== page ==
Election 2020: What preparers and clients say about candidates’ tax plans


Have clients noticed?

“Taxes represent the largest expenditure for most families, surpassing mortgages,” said Daniel Morris, senior partner at Morris + D’Angelo CPAs in San Jose, California. “Taxes matter. Taxes matter today. Taxes matter yesterday. Taxes matter tomorrow. People are asking, and those in the upper quartile and above are asking with more energy, ‘Should they sell? Should they move?”

“Our clients’ views on the candidates’ known tax plans are mixed,” said Timothy Speiss, a CPA and co-partner in charge of the personal wealth advisors practice at Top 100 Firm EisnerAmper in New York. “There is strong sentiment for retaining current estate and individual income tax provisions [and] current corporate tax rates.”

“While clients are very informed about the differences in the two [presidential] candidates’ proposals, many are taking a wait-and-see approach until after the election before undertaking significant tax-planning moves,” said James McGrory, a CPA and shareholder at Drucker & Scaccetti in Philadelphia.

Other issues more important?

Americans seem split on the topic of taxes — wanting to pay less but wanting others to pay more. According to recent trends of the Gallup polls, about half of Americans think they pay “about” the right amount of taxes and that lower-income Americans pay too much in taxes. Almost two out of three think upper-income and wealthy Americans pay too little and even more think corporations pay too little.

Yet few recent races for the White House seemed to occasion less public interest in candidates’ tax plans; the subject doesn’t appear prominently in major opinion polls about the candidates.

EisnerAmper’s perspectives, based on the firm’s research, publications, presidential candidates’ websites and released commentary and other information, outlines the proposals of Donald Trump and Joe Biden. Among the highlights of the many tax proposals of both candidates:

  • Trump: The president has already signed an executive order deferring the collection of Social Security payroll taxes that are taken out of each worker's paycheck; if re-elected, he has indicated a desire for the deferred taxes to be completely forgiven, and may also try to implement additional payroll tax cuts. Potentially to be proposed is a plan for the expiring provisions under the Tax Cuts and Jobs Act, and he has cited the idea of reducing the capital gains tax rate as well as indexing capital gains to inflation. Has called for “middle-class tax cuts” in the form of rate reductions. Proposes to expand Opportunity Zones and has outlined two policy proposals for companies that bring back jobs from China.
  • Biden: Proposes increasing the top individual tax rate for taxpayers with income exceeding over $400,000 and phasing out the 199A passthrough business deduction at incomes exceeding the same amount, capping tax benefits of itemized deductions, phasing out itemized deductions and taxing capital gains and qualified dividends for individuals with more than $1 million in income at ordinary income rates. For businesses, proposes increasing corporate tax rates, creating a new corporate minimum tax on global book income of $100 million or more, expanding credits and incentives for growth in American manufacturing, increase the GILTI and ending TCJA incentives that allow multinationals to lower taxes on income earned overseas.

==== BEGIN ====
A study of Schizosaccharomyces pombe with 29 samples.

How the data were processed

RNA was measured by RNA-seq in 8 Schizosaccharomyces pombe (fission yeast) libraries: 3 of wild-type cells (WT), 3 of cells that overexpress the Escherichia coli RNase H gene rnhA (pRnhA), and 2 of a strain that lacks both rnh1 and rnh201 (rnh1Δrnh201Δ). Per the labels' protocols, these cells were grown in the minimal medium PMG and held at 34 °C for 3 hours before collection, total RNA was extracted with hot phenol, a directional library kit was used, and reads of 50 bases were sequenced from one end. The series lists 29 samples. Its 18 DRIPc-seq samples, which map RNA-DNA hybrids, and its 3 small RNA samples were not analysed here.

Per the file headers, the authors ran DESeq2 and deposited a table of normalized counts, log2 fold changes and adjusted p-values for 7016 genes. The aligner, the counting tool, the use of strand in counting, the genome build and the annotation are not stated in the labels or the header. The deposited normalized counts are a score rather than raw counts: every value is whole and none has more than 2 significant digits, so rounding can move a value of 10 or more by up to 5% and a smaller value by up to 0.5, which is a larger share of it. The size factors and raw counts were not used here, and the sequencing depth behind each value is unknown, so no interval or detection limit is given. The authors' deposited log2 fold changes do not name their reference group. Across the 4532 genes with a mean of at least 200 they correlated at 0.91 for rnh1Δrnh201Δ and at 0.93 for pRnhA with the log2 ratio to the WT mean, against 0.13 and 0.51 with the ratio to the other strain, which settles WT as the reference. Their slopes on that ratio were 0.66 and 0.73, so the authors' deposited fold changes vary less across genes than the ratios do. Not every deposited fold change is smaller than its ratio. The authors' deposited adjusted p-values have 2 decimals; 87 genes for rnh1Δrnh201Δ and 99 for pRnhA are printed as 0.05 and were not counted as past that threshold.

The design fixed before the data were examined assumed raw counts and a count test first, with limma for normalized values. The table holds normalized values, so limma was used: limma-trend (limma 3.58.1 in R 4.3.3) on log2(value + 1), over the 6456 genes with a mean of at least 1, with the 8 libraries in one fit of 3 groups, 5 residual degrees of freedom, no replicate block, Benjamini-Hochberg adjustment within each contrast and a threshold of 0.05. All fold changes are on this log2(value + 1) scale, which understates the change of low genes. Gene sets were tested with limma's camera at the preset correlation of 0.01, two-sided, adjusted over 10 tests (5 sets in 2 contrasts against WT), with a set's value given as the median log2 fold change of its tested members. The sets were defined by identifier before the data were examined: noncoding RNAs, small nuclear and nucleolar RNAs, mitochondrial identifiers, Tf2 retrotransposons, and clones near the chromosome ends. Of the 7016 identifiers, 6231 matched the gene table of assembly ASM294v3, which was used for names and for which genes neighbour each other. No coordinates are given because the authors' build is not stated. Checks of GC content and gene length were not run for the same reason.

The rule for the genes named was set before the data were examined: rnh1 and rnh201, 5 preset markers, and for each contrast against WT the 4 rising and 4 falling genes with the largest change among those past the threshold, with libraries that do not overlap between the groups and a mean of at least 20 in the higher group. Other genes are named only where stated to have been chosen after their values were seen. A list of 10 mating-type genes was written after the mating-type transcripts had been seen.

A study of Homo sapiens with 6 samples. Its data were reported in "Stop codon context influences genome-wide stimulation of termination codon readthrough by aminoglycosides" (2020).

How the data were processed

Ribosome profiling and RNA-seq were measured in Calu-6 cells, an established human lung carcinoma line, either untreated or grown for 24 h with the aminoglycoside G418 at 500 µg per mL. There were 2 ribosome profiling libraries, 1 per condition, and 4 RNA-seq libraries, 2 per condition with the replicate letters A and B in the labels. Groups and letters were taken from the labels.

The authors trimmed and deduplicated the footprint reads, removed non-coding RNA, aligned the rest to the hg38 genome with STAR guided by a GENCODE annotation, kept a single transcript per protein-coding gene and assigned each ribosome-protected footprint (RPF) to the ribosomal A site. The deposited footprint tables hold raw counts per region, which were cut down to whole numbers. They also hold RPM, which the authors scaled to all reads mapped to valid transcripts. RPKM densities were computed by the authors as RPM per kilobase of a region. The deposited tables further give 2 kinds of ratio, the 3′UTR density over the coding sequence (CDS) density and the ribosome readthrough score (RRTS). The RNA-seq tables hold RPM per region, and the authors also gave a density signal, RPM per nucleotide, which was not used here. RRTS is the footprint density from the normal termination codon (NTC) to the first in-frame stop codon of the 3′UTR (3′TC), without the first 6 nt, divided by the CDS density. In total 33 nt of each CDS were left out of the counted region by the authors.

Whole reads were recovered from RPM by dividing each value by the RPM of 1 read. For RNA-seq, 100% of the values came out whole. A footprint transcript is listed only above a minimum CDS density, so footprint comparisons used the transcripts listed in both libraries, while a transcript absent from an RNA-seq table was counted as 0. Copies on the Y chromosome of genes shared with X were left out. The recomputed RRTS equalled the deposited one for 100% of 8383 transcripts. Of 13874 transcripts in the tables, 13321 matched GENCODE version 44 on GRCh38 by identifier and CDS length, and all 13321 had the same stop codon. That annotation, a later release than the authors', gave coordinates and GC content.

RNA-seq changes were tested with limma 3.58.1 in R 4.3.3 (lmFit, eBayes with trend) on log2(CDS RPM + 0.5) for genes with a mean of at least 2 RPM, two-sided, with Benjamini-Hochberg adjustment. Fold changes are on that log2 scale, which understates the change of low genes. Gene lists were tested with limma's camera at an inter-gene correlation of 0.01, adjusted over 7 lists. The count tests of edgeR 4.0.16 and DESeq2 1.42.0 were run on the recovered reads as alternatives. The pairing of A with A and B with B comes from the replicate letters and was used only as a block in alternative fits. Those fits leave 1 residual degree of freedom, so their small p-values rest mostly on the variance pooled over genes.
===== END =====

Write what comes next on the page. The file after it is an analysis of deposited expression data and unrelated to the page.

“Most clients anticipate a Biden victory to lead to increased tax burdens, limitations on current credits and closure of various programs [such as] Opportunity Zones,” Morris added. “Under a second Trump term, most clients anticipate a stay-the-course, if not overall tax rate reduction — though after the spending frenzy of the COVID-19 era, this may be difficult to achieve.”

“Clients are very concerned that there’ll be significant tax increases if Joe Biden wins the presidency and the Senate becomes controlled by the Democrats,” McGrory said. “Not only would there be an increase in the top individual income tax rate … and a change in the long-term capital gain rate for high-earning individuals, but there would also be major estate tax changes such as the elimination of the basis step-up upon death and a reduction of the life-time exemption amount to $5 million, indexed for inflation.”

In this area, as in all others in this election, emotion sometimes runs high.

“Since I’m from a very Blue state, most of my clients are so disgusted at the constant lying and moral failures of Trump that there’s really no talk about taxes,” said Rob Seltzer, a CPA at Seltzer Business Management in Los Angeles. “I only had one client reach out to me about it and she’ll be voting for Biden regardless. She’s worried about her mother who is 97 and has two pieces of very valuable real estate with low basis. Under current law, there would be little to no tax to pay. She has concerns about the elimination of the basis step-up.”

Is it possible, too, even in this frantic year, that little will happen?

“I haven’t seen the detailed plans for either candidate and my clients aren’t really asking me questions. I tell my clients it’s best to deal with what we currently have,” said Daniel Henn, a CPA in Rockledge, Florida. “If Biden is elected, along with an anticipated Democrat control of Congress, expect the tax rates to be increased, and many changes made from Tax Cuts and Jobs act to be repealed.”

“If Trump is re-elected, along with an anticipated Democrat control of Congress, I don’t expect much tax-wise to get done unless the Democrats can have the override-of-veto numbers, which I don’t think will happen,” Henn said.